Features training base paul H

By Paul Hopkins

When I first started riding 23 years ago I was very fortunate to meet trainer ‘to the stars and F1 drivers,’ Bernie Shrosbree, and we soon became very good friends.

From the beginning of our training partnership Bernie taught me to spin my legs fast with a low power intensity during the off season and only then build-up the effort and pace nearer to my race season.

This simple training method has worked wonders for me over the years. As long as I was prepared to start the season conditioned, but not 100% sharp, I found that my speed would increase during the race season and then stay with me until the end of the year. Other riders who came to full racing fitness too soon would sometimes fade. This proved ideal for me when competing for an overall result in a long 8 month race series.

I like to think of base training as building my foundation. With each long, slow ride I am laying the building blocks for the race season ahead, and the more I ride like this, the stronger the foundation becomes and thus the higher I can build upon my fitness without it toppling over.

However, after racing for over two decades I have learnt many other things about myself and how my body responds to training and how I adapt my training. The key is; what may have been the best regime for me 10 years ago is not necessarily my best plan of attack now. I say that because over the course of many years training and racing my base level fitness and body have both changed.

Year upon year I train and race, and I firmly believe that my base fitness level is such that I pay less attention to the need of long-term base training. That doesn’t mean I forget it all together, far from it, but I rely more on holding my fitness for longer without months of slow, cold rides.

I also feel that the secret to getting the most out of myself is to keep the riding interesting. I find it pointless if having made myself go out for hours on end and didn’t enjoy the riding. I tend to put the bike down for a few weeks at the end of the year and not to ride for few weeks. This I think gives my body a chance to repair itself properly from a hard year, but most importantly helps to reset my mind.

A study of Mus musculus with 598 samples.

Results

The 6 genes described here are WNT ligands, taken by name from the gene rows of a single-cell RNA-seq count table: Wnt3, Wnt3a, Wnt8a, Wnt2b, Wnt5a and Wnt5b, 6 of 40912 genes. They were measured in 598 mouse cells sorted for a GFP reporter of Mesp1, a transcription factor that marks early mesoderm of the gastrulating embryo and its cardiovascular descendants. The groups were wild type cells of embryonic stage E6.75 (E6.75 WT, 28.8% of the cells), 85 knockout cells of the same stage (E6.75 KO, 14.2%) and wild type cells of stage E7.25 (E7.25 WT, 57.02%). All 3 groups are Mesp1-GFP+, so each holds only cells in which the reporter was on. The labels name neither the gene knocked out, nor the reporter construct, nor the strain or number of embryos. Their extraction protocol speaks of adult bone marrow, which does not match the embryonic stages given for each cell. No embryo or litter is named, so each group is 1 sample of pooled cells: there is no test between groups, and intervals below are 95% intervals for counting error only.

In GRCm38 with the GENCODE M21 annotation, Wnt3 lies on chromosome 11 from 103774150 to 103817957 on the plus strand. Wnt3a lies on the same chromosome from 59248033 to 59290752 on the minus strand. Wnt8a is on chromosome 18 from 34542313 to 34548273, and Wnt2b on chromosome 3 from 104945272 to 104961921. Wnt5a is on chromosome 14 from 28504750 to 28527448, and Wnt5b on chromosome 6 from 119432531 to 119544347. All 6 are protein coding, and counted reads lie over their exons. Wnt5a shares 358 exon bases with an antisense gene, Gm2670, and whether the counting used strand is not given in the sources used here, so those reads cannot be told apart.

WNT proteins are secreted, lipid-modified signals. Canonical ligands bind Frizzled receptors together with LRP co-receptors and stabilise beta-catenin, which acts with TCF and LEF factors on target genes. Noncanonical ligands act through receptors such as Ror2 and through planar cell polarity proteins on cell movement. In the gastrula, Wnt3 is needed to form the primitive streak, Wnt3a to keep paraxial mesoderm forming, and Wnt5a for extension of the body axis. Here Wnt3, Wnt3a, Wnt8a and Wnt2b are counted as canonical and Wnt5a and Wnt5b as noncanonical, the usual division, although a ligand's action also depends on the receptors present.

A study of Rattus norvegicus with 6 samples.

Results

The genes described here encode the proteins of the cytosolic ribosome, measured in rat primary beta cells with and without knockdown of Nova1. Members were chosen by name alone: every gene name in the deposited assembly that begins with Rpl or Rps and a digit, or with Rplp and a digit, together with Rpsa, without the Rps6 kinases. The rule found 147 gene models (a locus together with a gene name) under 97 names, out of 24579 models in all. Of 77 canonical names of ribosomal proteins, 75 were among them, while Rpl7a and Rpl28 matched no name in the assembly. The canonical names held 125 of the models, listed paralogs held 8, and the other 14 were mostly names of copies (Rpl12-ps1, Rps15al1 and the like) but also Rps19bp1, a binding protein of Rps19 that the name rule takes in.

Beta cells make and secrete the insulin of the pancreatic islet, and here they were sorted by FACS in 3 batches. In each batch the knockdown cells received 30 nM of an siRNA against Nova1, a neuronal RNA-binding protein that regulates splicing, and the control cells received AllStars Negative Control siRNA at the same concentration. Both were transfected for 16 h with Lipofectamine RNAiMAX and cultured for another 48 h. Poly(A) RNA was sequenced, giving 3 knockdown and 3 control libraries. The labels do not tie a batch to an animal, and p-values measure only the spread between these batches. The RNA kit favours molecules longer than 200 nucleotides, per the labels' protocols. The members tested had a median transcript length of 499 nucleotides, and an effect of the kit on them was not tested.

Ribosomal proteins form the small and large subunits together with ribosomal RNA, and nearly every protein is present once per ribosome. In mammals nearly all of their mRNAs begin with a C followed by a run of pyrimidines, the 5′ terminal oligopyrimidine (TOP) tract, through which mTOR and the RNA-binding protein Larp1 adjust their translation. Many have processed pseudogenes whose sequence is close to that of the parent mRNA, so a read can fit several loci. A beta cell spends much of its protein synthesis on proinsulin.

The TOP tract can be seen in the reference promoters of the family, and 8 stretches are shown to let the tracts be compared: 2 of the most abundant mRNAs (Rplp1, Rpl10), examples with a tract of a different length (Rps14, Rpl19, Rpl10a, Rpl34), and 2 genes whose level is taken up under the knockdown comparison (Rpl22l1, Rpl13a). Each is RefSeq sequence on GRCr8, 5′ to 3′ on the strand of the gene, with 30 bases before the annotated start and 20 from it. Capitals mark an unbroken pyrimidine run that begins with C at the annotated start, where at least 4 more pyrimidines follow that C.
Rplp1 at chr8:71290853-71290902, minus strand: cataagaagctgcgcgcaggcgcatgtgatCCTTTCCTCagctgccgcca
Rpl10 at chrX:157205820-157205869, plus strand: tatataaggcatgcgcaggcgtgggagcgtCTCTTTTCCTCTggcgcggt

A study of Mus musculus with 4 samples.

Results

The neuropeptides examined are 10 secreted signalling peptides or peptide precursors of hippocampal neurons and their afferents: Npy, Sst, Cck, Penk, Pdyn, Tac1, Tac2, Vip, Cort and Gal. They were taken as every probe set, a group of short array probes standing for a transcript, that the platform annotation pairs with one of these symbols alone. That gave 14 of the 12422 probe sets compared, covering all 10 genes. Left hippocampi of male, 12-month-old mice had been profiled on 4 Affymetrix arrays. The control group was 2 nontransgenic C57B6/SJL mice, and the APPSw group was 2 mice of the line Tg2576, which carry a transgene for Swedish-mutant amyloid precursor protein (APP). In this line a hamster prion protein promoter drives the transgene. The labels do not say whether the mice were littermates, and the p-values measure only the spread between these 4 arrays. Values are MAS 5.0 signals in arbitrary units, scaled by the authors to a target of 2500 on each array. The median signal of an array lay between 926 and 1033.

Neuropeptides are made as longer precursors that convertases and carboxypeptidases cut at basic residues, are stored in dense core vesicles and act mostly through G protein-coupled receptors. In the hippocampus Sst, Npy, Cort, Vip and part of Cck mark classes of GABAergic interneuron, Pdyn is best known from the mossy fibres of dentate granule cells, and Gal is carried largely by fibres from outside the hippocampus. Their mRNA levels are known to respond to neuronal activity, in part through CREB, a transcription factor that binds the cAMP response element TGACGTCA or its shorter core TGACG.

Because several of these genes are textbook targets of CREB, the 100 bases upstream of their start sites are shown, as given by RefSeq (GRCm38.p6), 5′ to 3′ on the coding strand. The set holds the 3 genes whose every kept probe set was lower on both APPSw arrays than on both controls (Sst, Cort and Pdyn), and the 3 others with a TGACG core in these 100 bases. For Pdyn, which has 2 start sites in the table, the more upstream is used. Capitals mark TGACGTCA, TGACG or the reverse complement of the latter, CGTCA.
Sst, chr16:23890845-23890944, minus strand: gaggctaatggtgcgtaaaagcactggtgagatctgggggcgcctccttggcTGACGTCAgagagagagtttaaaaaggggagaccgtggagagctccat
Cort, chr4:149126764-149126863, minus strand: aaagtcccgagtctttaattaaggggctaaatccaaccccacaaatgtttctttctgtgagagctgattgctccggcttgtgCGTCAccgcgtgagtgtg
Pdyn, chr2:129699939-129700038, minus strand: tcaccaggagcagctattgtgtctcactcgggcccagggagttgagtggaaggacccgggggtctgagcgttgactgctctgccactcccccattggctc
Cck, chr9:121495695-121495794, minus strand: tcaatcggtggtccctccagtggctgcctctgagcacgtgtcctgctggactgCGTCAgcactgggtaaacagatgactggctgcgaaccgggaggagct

If you were to get back on the bike and think ‘Where has my form gone’ don't worry, it doesn’t take long to get it back again. Often, when reaching full-fitness again it reaches an even higher plane.

Racing all through the year is fine and it may work for some riders, but the majority I feel would do better to take a break. 3 or 4 weeks tends to work well for me. If you must keep going then do something different such as gym work or gentle running.

This way, when you are halfway through a race season you are still feel keen and want to race. Having both mountain and road bikes helps a lot as, although you are still cycling, the two disciplines feel totally different and helps to keep the interest levels high and also means that many more route options are open to me.

I may not hold a fitness trainer certificate, but being around some very talented and knowledgeable people over the years has helped me find my path. If you have a full time job and a family, getting the best out of yourself can be difficult, but by training smart it is certainly achievable.

In short: have a goal, build your base training with higher cadence and lower intensity during your off season, then ramp up your intensity a few weeks before your race season starts.

Don’t be afraid to put the bike down for a few weeks at the end of the race season - it will probably do you the world of good!